Her father’s workshop smelled like formaldehyde. That was what Maggie first noticed when she opened the door to his workshop. Not the dead animals with their empty gazes or the tools that littered his desk, just the smell.
It was Maggie’s first time seeing the workshop since she left for college. Maggie and her father hadn’t always got along, so sometimes it was better that they were apart. The workshop was nested in a large barn on her father’s six acre Montana property.
She plucked a large ram head off the wall. Its fur was prickly against her fingertips, and its weight nearly knocked her down. Maggie wondered where her father found this one. The Grand Canyon? Or Southern California? She sat down on his worn chair, scratched and dirty from years of use, and plopped the ram on her lap staring into its fake black eyes. The ram was once a beautiful animal, strong and capable, and her father’s craftsmanship made it seem so. She wondered what lengths he went to in order to shoot this animal. Did he pay off a park ranger? Or did he just sneak it? She could tell it was a bighorn ram, her Veterinarian schooling told her that much, and it made her miserable. Bighorn sheep were endangered. And he had only made the problem worse.
Suddenly, there was a knock on the door. “Who is it?”
Maggie was not in the mood for visitors. She was going to ignore the knocking until a deep male voice responded, “It’s Chase. I heard you were in town this week. I know you don’t want to talk about your dad, but we have to. I’m sorry about his passing. I really am, but you inherited this place, and his debt too, and we need to do something about it—”
She opened the door.“Chase, please. I don’t want to talk.”
“Mags, we have to or else we never will. This is your dad’s place, I get it, and you're having mixed feelings about his passing, about this place,” he gestured to the animal heads on the walls, “but you're in debt. This place is yours now. Your father’s money is yours now. Or rather, lack thereof. I’m sorry but we have to.”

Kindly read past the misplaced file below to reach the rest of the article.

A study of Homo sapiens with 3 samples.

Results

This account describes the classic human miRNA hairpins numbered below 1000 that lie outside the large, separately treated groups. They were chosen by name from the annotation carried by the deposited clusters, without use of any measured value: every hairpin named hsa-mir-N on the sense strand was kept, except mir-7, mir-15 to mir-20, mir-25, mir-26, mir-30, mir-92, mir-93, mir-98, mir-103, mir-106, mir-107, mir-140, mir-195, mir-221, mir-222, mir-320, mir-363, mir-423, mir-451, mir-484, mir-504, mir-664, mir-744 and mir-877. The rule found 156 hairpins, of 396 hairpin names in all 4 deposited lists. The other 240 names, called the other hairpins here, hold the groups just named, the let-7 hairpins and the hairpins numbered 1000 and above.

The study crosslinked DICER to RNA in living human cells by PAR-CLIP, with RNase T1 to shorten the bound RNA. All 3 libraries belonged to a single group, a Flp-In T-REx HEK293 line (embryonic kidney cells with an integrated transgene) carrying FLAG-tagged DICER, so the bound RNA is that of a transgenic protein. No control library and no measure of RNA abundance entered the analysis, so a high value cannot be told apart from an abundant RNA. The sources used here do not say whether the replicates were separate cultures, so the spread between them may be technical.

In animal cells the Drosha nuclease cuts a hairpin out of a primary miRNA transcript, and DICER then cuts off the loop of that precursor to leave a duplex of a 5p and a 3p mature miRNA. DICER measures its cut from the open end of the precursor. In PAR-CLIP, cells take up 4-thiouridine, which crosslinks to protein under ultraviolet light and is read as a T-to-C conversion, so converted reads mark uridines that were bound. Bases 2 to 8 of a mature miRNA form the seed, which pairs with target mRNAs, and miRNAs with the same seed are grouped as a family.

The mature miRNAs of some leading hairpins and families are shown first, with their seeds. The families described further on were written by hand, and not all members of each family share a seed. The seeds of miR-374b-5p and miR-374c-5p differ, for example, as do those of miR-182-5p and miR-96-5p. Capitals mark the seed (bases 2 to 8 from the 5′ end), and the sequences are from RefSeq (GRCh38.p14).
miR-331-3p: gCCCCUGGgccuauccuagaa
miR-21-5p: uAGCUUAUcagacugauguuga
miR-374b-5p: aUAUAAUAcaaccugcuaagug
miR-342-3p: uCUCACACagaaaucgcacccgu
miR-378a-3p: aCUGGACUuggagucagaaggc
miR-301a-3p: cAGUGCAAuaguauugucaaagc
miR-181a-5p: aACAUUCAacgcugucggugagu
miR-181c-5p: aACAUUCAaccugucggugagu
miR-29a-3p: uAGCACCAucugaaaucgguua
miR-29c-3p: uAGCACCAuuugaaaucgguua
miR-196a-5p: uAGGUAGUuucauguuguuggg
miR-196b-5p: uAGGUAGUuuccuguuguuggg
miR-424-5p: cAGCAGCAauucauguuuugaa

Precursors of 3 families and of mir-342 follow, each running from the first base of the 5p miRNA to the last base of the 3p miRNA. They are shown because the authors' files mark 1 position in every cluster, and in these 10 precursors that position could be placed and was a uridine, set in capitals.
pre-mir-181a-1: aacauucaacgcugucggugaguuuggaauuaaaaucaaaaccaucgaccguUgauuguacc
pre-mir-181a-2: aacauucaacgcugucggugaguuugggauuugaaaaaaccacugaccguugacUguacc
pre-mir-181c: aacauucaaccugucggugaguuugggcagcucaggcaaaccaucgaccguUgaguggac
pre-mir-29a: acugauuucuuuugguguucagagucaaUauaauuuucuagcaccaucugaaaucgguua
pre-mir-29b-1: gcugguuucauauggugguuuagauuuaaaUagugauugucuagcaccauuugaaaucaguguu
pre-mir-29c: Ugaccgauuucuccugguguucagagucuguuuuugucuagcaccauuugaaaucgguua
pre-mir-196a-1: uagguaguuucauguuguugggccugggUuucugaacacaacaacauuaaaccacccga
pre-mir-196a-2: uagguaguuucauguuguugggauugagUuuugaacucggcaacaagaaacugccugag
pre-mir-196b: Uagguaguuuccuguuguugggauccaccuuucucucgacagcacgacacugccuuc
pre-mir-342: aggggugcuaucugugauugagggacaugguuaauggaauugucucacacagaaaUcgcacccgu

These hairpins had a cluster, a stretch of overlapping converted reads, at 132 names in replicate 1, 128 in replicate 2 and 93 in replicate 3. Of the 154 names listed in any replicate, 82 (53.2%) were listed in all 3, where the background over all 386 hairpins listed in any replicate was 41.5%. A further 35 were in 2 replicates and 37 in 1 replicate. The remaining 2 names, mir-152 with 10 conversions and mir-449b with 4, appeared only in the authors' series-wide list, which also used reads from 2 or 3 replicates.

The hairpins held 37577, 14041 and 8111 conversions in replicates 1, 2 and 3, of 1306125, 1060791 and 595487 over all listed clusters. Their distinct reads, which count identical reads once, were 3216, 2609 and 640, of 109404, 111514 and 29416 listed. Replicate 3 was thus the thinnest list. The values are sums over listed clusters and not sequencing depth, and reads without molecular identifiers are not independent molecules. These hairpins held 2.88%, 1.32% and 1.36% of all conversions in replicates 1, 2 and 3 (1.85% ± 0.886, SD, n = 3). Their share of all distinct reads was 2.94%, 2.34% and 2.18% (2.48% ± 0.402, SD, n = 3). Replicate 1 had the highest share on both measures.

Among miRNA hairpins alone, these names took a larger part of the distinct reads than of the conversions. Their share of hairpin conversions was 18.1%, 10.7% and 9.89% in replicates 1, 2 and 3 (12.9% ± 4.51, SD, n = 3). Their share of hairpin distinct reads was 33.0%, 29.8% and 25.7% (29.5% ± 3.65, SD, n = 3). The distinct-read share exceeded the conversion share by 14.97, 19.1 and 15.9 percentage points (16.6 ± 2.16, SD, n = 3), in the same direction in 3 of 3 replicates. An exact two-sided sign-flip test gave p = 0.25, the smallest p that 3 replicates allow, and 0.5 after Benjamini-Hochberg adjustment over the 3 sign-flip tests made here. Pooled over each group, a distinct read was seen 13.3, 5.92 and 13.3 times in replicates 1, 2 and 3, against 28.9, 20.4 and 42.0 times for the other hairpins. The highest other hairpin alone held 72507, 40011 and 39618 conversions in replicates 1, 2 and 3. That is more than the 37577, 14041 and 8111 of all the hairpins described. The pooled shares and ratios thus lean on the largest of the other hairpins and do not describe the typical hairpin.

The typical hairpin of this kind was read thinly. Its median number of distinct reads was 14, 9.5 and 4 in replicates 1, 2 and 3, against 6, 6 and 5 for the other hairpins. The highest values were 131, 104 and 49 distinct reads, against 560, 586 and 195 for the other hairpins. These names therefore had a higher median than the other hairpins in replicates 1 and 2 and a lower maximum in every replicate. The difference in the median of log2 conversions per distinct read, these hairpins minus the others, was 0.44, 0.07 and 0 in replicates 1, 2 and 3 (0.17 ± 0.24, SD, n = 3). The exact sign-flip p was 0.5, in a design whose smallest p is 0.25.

“Listen, Chase, we are not friends. Don’t pretend that we are. You’re my dad’s lawyer and now he’s dead. Don’t try to console me or pretend that you know what I’m going through. We haven’t spoken in years. So, just come in and talk about what I need to do. Just tell me what my options are and then leave. Got it?”
Maggie felt tears welling her eyes.
“Mags, please don’t cry. We’ll get it all sorted—”
She gestured to the chair in the workshop. She was exhausted.“Just stop, Chase. Please, just sit down.”
He put his hands up in defense “Okay, okay, sorry.”
Maggie was pacing the room. “So, what do I need to know Chase?”
“So, as you know, your dad was in debt. You probably need to sell this land and whatever else of his to pay it off. I know you grew up in this place, and that it’s going to be hard, but it’ll be better. And besides, you don’t even like taxidermy, and well, you and your dad didn’t have the best relationship anyways. Just trust me. Otherwise, you’ll need to pay off $200,000 worth of debt. And your dad owed more money too, but not to the bank. I believe it was $15,000. I have to see where we can dig up that money, but we’ll find a place, so don’t worry. Okay? Just sell the land, this shop, and we’ll sort the rest out.”
He looked at her expectantly, but Maggie just felt ill. Hearing this over voicemail was one thing, but now she felt as if she had been hit in the gut, like one of her dad’s trophies. And seeing all these dead animals and their lifeless faces—she shuddered. There was too much to sort out right now, especially with Chase there. “Chase, I just need some time to think.”
“Of course, of course. Take all the time you need.”
As Maggie walked him out, she breathed in the formaldehyde. It smelt like pickles, pickles and her dad and the trophies on the wall. And the ranch. And his lumberjack frame. And her youth. It smelt like her time with Chase, when they used to play cards in the loft of the barn or when they played pretend with the dead deer named Sally and the two giant moose, Mr. and Mrs. Squiggly. It smelled like her father making pancakes for dinner and the time he brought her a pet bird for Christmas, a little yellow canary.
It smelled like the night, the policemen banged on her door, calling for her father’s arrest. That wasn’t the first time, but he always got out. She recalled the time she found out that her father gave bribes to Mr. Ellis, their park ranger friend. She recalled her father’s rich clients. The ones he supplied with elephant heads and beaver furs and pelts to decorate their mansions, so they can say, I’m an animal lover too. I hang their dead heads on the wall, but they are beautiful to look at, aren’t they? And suddenly Chase interrupted Maggie’s thoughts. “Maggie, are you sure you’re okay? Why don’t you stop for dinner at my house? We won’t talk about anything serious. I promise.”
She looked at Charlie with a pained expression. It’s like he doesn’t care. He doesn’t remember or care. All Maggie could do was shake her head.